Robert Frost, America’s grand old man of poetry in the twentieth century, occasionally explored God and faith in his earlier poems. Then, entering his seventies after a decade of great personal loss-his wife’s death, the death of one of his daughters shortly after childbirth, and the suicide of another-Frost wrote two poetic dramas filled with references to God. The first, A Masque of Reason, is based on Job’s story of suffering and comes across as rather inconclusive. But the second, A Masque of Mercy, has Jonah as the main character and wraps up in a more aesthetically pleasing way. In creative uniqueness it tackles the conflict in Jonah’s thinking, as it “explores the ancient riddle of how God can be just and also be merciful.” It also pulls Jonah toward Christ and the cross.
The brief play is set late on a stormy night inside a modern bookstore run by someone named Keeper, a pagan skeptic who’ll later say, “I’d rather be lost in the woods than found in church.” His alcohol-loving wife, Jesse Bel, is more openly searching for faith and sees that longing in others around her as well: “The world seems crying out for a Messiah,” she’ll say.
The play begins with Keeper and Jesse Bel locking their shop’s door for the evening, leaving inside a customer named Paul (as it turns out, it’s the Paul-the apostle). But someone bangs at the locked door. As they reluctantly let him in, the harried stranger exclaims, “God’s after me!”
“You mean the Devil is,” Jesse Bel remarks.
“I never heard of such a thing,” she protests.
The fugitive answers, “Haven’t you heard of Thompson’s ‘Hound of Heaven’?”
Paul at once interjects by quoting the familiar opening lines: “I fled Him, down the nights and down the days; I fled Him, down the arches of the years.”
But Keeper grumbles at the fugitive: “This is a bookstore-not a sanctuary.”
From this strange and amusing start, the play proceeds to an extended conversation that keeps coming back to God.
“Why is God after you?” Keeper asks. “To save your soul?”
“No,” the fugitive replies. He tells them he’s a prophet, and his name is Jonah. He’s been sent seven times “to prophesy against the city evil.”
“What have you got against the city?” Keeper asks.
“He knows,” Jonah answers. God knows.
Jonah identifies himself further (though Paul has already caught on): “I’m in the Bible, all done out in story.” Then he complains, “I can’t trust God to be unmerciful.”
Paul responds, “There you have the beginning of all wisdom.”
Jonah tells them about his earlier flight from God, and the storm, and the boat, and the crew-and the whale.
Jesse Bel sympathizes: “You poor, poor swallowable little man.”
But Paul recognizes a man who needs rescue. He goes up to Jonah and crosses his forearms-to illustrate the cross.
“What good is that?” Jonah asks.
Jonah tells these three that he would like to announce an earthquake to destroy “the city evil,” but he’s sure God wouldn’t send it. “Nothing would happen,” he says-but suddenly a tremor sends books crashing from the store’s shelves. Meanwhile, Jonah keeps hearing noises that he suspects are from God in pursuit of him.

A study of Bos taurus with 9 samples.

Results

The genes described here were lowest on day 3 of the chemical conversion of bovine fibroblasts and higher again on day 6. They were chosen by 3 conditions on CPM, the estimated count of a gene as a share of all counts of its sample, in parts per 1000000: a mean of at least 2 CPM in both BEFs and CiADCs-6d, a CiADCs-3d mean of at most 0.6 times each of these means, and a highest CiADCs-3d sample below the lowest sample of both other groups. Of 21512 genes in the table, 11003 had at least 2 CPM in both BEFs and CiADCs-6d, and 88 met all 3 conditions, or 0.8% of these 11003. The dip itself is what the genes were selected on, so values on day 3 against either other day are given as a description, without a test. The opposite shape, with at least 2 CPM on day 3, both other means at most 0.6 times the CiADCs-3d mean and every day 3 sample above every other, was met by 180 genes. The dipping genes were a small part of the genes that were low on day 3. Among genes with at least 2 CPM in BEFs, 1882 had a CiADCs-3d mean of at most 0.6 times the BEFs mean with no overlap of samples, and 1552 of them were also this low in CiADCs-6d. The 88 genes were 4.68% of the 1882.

Paul asks Jonah what he wants to see in God, if not mercy.
Justice is Jonah’s answer; justice “before all else.”
Throughout Frost’s play, Jonah wrestles with how God doesn’t seem to live up to justice. Jonah has been taught that people should be “strong, careful, thrifty, diligent,” and he’s upset by God’s “modern tendency” not to punish those who fail to measure up to those ideals.
The conversation inside the bookshop bounces around in history, philosophy, and theology, and finally returns to mercy. Paul directs everyone’s attention to the Sermon on the Mount and the “beautiful impossibility” it portrays:
An end you can’t by any means achieve, And yet can’t turn your back on or ignore, That is the mystery you must accept.
It throws us by necessity onto mercy. “Mercy is only to the undeserving,” Paul says, which includes all of us, in God’s sight:
Here we all fail together, dwarfed and poor. Failure is failure, but success is failure. There is no better way of having it.
A door opens on its own to the store’s cellar. Paul, who has had a cross painted on the cellar’s ceiling, encourages Jonah to go down into its dark depths: “You must make your descent like everyone.” It will require Jonah’s abandonment and submission, essentially a yielding of self.
Jonah is hesitant. Finally he steps to the threshold, but the door slams in his face, knocking him to the floor. Lying there, collapsed and fading out, he confesses, “I think I may have got God wrong entirely.” His own sense of justice, he says, “was about all there ever was to me.” His last words are these: “Mercy on me for having thought I knew.”
Kneeling over him, Paul speaks his own concluding words, affirming that “the best we have to offer” isn’t enough. “Our very best, our lives laid down like Jonah’s . . . may not be found acceptable in Heaven’s sight.”
The play closes with words from Keeper, who admits, “My failure is no different from Jonah’s.” He says they should lift Jonah’s body and lay him “before the cross,” just as Paul wanted. As the curtain falls, Keeper moves toward the prostrate Jonah and offers the play’s final line:
Nothing can make injustice just but mercy.
Or as the New Testament says, “Mercy triumphs over judgment” (James 2:13).
Adapted from Taken from Tullian Tchividjian's book Surprised by Grace, pages 174-178.